Review of The Distant Sound of Violence
by Paul Xylinides
Philosophic and Marathon-Paced
“… a tale that she
Told of a harsh reproof, or trivial event
That changed some childish day to tragedy”
(William Butler Yeats, “Among School Children”)
When the logic of a narrative remains hidden, the reader must have faith in its ring of truth and allow its compulsions to lead one to what is embedded and finally realized. An explanation soon comes for the opening line — “You can’t change the size of fire.” — in Jason Greensides’s marathon-paced novel The Distant Sound of Violence. Apparently the renderings of explosion and fire in early films could not for technical reasons match the true proportions of the depicted catastrophe. Equally, in life, how can a scream, an inexplicable loss, a singular act of violence of whatever kind do justice to what is actually taking place? Can the horrific sound of even a nuclear explosion give any idea as to the enormity of destruction present and future? Those characters who come into contact with Greensides’s protagonist who refuses to accommodate himself to a child’s unexplained disappearance identify little more than your run-of-the-mill street person as he apparently has become. The can of spray paint that he wields does nothing to cause him to stand out even less the years that he is a familiar figure haunting the City of London’s boroughs. One friend from the past, however, does remember his character and his philosophical turn of mind. He also recalls the conflicts of their early lives and on his return to London finds that Nathan had abandoned his life at a time of its greatest promise of fulfillment.
“You can never change the fundamental aspects of the world, the universe, or existence.”
Nathan is that exceptional individual who chooses to sacrifice himself and even those about him (who perhaps in the Bard’s words must needs “shuffle” for themselves) rather than accept the unacceptable. What he comes to discover is that a unifying apparently obdurate principle underlying existence as he perceives it does not preclude an ongoing variety of expression both for good and for ill. Some flowers will bloom in short time while others may take years to blossom. The poisonous and the beneficial coexist. Further lines from the philosophic musings of William Butler Yeats’s “Among School Children” come to mind:
O chestnut-tree, great-rooted blossomer,
Are you the leaf, the blossom or the bole?
Somewhere on a distant planet and long ago, this reviewer seems to recall something that was said of Dostoevsky and how, to be successful, a novel requires an overarching philosophy. It is especially in this respect that Greensides’s work merits ultimate recognition. As with the great Russian writer it is not circumstances that govern a character’s destiny but the ideas and views brought to them. Responsibility is all and determinative. In the end, Nathan shows how one’s actions will cause philosophy, against all reason, unexpectedly to blossom.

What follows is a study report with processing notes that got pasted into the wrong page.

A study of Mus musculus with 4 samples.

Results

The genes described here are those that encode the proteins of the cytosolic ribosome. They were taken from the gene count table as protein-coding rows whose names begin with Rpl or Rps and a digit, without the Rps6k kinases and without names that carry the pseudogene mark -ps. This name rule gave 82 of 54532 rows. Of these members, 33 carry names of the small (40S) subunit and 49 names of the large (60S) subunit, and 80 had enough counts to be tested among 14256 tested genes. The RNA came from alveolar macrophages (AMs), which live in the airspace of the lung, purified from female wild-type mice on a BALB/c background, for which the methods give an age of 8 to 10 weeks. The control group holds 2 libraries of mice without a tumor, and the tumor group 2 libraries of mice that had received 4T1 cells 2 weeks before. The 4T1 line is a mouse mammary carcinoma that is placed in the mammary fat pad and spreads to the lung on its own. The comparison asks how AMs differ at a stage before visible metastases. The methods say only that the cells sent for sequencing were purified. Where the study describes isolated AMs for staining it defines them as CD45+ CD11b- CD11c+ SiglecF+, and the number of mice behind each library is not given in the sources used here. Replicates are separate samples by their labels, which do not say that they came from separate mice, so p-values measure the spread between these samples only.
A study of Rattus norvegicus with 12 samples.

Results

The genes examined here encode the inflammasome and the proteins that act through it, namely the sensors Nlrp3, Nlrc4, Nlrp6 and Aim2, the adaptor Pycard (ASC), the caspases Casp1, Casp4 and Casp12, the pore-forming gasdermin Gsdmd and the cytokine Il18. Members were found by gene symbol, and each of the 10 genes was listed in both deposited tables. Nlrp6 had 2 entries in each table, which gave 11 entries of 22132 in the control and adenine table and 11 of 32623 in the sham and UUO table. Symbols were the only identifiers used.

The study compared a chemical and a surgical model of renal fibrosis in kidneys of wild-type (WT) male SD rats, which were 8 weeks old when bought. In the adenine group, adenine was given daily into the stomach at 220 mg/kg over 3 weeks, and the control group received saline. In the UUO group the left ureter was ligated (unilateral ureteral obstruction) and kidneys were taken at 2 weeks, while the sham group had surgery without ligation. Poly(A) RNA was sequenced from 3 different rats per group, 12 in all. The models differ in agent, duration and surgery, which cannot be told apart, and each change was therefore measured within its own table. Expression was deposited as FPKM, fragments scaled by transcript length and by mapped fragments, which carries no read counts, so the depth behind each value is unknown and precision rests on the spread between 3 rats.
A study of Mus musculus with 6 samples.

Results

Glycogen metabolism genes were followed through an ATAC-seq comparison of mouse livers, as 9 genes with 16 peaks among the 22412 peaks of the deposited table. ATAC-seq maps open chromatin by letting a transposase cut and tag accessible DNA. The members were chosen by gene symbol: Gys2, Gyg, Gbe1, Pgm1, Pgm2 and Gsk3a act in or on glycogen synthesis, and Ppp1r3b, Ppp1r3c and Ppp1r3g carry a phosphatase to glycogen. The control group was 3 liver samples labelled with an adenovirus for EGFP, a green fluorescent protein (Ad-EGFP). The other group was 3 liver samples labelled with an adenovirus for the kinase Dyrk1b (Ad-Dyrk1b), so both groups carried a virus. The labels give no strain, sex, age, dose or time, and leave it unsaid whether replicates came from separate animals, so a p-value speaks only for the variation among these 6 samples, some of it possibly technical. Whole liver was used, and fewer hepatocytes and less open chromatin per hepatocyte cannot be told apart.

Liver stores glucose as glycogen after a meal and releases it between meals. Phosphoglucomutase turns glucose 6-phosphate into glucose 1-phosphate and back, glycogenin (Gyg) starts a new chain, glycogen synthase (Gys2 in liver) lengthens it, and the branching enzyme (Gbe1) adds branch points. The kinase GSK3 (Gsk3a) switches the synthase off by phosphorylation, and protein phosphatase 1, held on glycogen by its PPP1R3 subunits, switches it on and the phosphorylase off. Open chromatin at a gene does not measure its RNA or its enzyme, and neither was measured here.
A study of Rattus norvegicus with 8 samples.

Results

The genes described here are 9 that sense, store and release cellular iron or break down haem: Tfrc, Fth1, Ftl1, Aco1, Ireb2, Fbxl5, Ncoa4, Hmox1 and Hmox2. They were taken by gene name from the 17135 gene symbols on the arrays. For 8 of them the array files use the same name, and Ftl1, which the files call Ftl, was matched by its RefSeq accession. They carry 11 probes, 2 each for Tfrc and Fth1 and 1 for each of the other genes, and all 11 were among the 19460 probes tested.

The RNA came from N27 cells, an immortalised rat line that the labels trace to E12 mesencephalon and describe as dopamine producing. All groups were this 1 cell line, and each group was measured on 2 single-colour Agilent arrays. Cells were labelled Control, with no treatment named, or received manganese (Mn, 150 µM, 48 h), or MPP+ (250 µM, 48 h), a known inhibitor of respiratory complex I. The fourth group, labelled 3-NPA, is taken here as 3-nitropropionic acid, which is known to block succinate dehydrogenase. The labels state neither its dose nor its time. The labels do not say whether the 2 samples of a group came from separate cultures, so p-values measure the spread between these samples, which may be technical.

Also in a similar manner to Dostoevsky, Greensides comfortably populates his novel with characters in all social positions — from the down-and-out to the police, from ordinary workers and run-of-the-mill bad-asses to respectable citizenry all the while delivering up the hard-scrabble streets in the intimate manner that comes from imagination and familiarity.
What the reader immediately acknowledges are the deft and insightful touches, whereby characters appear in diverting, often sensual focus:
“Taylor’s eyes began twinkling in mischief, her tongue plunging into the side of her too-wet mouth. Evidently Taylor was undergoing the ravages of a new thought.”
“She folded her arms and gazed at each of us in turn — those button-like eyes luminous in the bleak London twilight.”
An uncommon knack for bringing characters to life gives entrance straight into the world of the novel, in other words, right where one ought to be:
“Nathan took off his mask and tapped it against his thigh to generate thought.”
“Nathan felt his groin begin to stir — not at her distress, but at the way her beautiful shoulders shook like autumnal leaves in a breeze.”
The fluidity of the lines displays an enviable ease of composition whatever hard work or not may be responsible for it. Rather than feel like a neophyte’s first essay, this novel gives mature promise of more to come of at least equal order, although in the image making strength builds upon strength:
“Nathan dipped into his shirt pocket and pulled out an antique silver locket on a chain. It was oval with a raised, floral design, and he’d had ‘Stephanie’ engraved on the back. It looked impressive, particularly against the gloomy backdrop of the bridge and the damp, rotting leaves in the gutter.”
Effortless brush strokes deliver prose with a refreshing avoidance of the idealistic:
“Nathan’s hair was dripping with moisture and swept over to one side, yet sun-dried and sticking up at the back. The patchy stubble lining his jowls were making him look like some trashy convict. His eyes were haggard and squinty and brown-stained beneath.”
Or show how the ideal is very much in the everyday:
“… the front teeth sloping inward gave her a look of innocence and someone with no concept of the devastating effect they had on the world.”
It is a self-effacing quality that gives heightened utility to the meditative images:
“It was late afternoon, the sky a lush mixture of violet indigo and amber, streaked with wispy light clouds like campfire smoke.”
“Her Afro hair was unkempt, all knotted and matted like clumps of grass on a neglected piece of common land; her thick lips were cracked and parched; her brown skin an unhealthy hue, like a teabag left out too long.”
Aesthetic impression soars with a writer who is intent on getting things just right and, as with any worthwhile lived philosophy, where is the long read when patience continually nourished arrives at the promised raison d’être?